Don’t let their ghoulish appearance and affection for all things macabre fool you — the Addams Family are a loving bunch.
That is until Wednesday Addams falls in love with a “normal” boy and starts wearing a yellow dress in Edmonds Driftwood Players’ “The Addams Family,” staging April 12 to May 5 at the Wade James Theater.
When Wednesday invites her boyfriend and his parents over for dinner, things go awry for cartoonist Charles Addams’ fictional clan of oddballs.
Yes, even the most bizarre and eccentric characters have crises now and then. But “The Addams Family” is relatable despite their weirdness, said director Carissa Meisner-Smit.
“It’s really all about unconditional love and acceptance,” she said. “Wednesday has had some experience in the outside world and it’s opened her eyes. She’s incurably embarrassed and suddenly sees her family as strange and eccentric and makes them pretend to be normal.”
“The Addams Family” musical comedy is based on Addams’ comic strip from 1938 to 1988 about an odd, wealthy and close-knit family living in New York. The fictional family has since become a staple in pop culture for being a satirical take on the modern 20th century family and has spawned TV shows, movies and even goth culture.
Meisner-Smit said the family has always been portrayed as “super loving,” so any friction is pretty unusual. And there’s plenty of that in the beginning of the two-act musical.
Wednesday, played by Megan Acuna, is grappling with insecurities about her identity, her family and whether it will affect her relationship to her fiance, Lucas (David Naber). No one knows they are engaged except her father, Gomez (Doug Knoop), who reluctantly agrees to keep it a secret from his wife Morticia (Tamara Davis) until the night of the dinner.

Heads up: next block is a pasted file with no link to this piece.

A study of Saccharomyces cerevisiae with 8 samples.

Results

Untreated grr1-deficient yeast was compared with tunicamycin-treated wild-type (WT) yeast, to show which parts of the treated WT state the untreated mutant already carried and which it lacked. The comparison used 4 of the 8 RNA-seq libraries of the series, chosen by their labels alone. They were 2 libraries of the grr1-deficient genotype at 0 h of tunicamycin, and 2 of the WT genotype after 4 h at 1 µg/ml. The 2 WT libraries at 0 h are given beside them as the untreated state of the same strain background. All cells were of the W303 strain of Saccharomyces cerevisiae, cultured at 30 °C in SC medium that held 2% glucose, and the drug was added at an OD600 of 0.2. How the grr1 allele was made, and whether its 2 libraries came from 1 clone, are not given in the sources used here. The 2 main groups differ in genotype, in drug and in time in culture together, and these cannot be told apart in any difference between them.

“It’s almost too scary for Wednesday to broach the subject with her,” Acuna said. “Gomez is a little bit more easygoing and he’s more of a people person and a little less intense. It’s a questionable decision, but it’s the call she makes.”
But Morticia quickly detects he’s keeping something from her. Meanwhile, Pugsley (Catherine Craig), is afraid his sister won’t torture him anymore now that she has a boyfriend.
On the other side of the aisle, Lucas’ parents Mal (Jeff Strom) and Alice (Hayley Baudrau Gaarde) are straitlaced and judgmental when they arrive at the Addams’ house. But the couple’s relationship is also on the fritz, causing both families to do some soul-searching before the night is over.
Acuna saw the musical in 2013 before ever watching the TV shows or movies about the Addams family. She’s since become a “huge fan” of the macabre family. She said her singing parts are a challenge, especially the song “Pulled” about Wednesday falling in love.
“It’s very belty,” she said. “I definitely love that, but it’s very intimidating at first. But the more we’ve gone through the show, I’ve sunk into it.”
“I’m just trying to enjoy it as much as I can,” she added. “You don’t get to portray a role like this that’s so iconic very often.”
Evan Thompson: 425-339-3427, firstname.lastname@example.org. Twitter: @ByEvanThompson.
If you go
Edmonds Driftwood Players’ production of “The Addams Family” is showing April 12 to May 5 at the Wade James Theater, 950 Main St., Edmonds.
Performances are 8 p.m. Thursdays, Fridays and Saturdays, and 2 p.m. Sundays. Tickets are $28 general and $25 for seniors, youth and military.
Call 425-774-9600 or go to www.edmondsdriftwoodplayers.org for more information.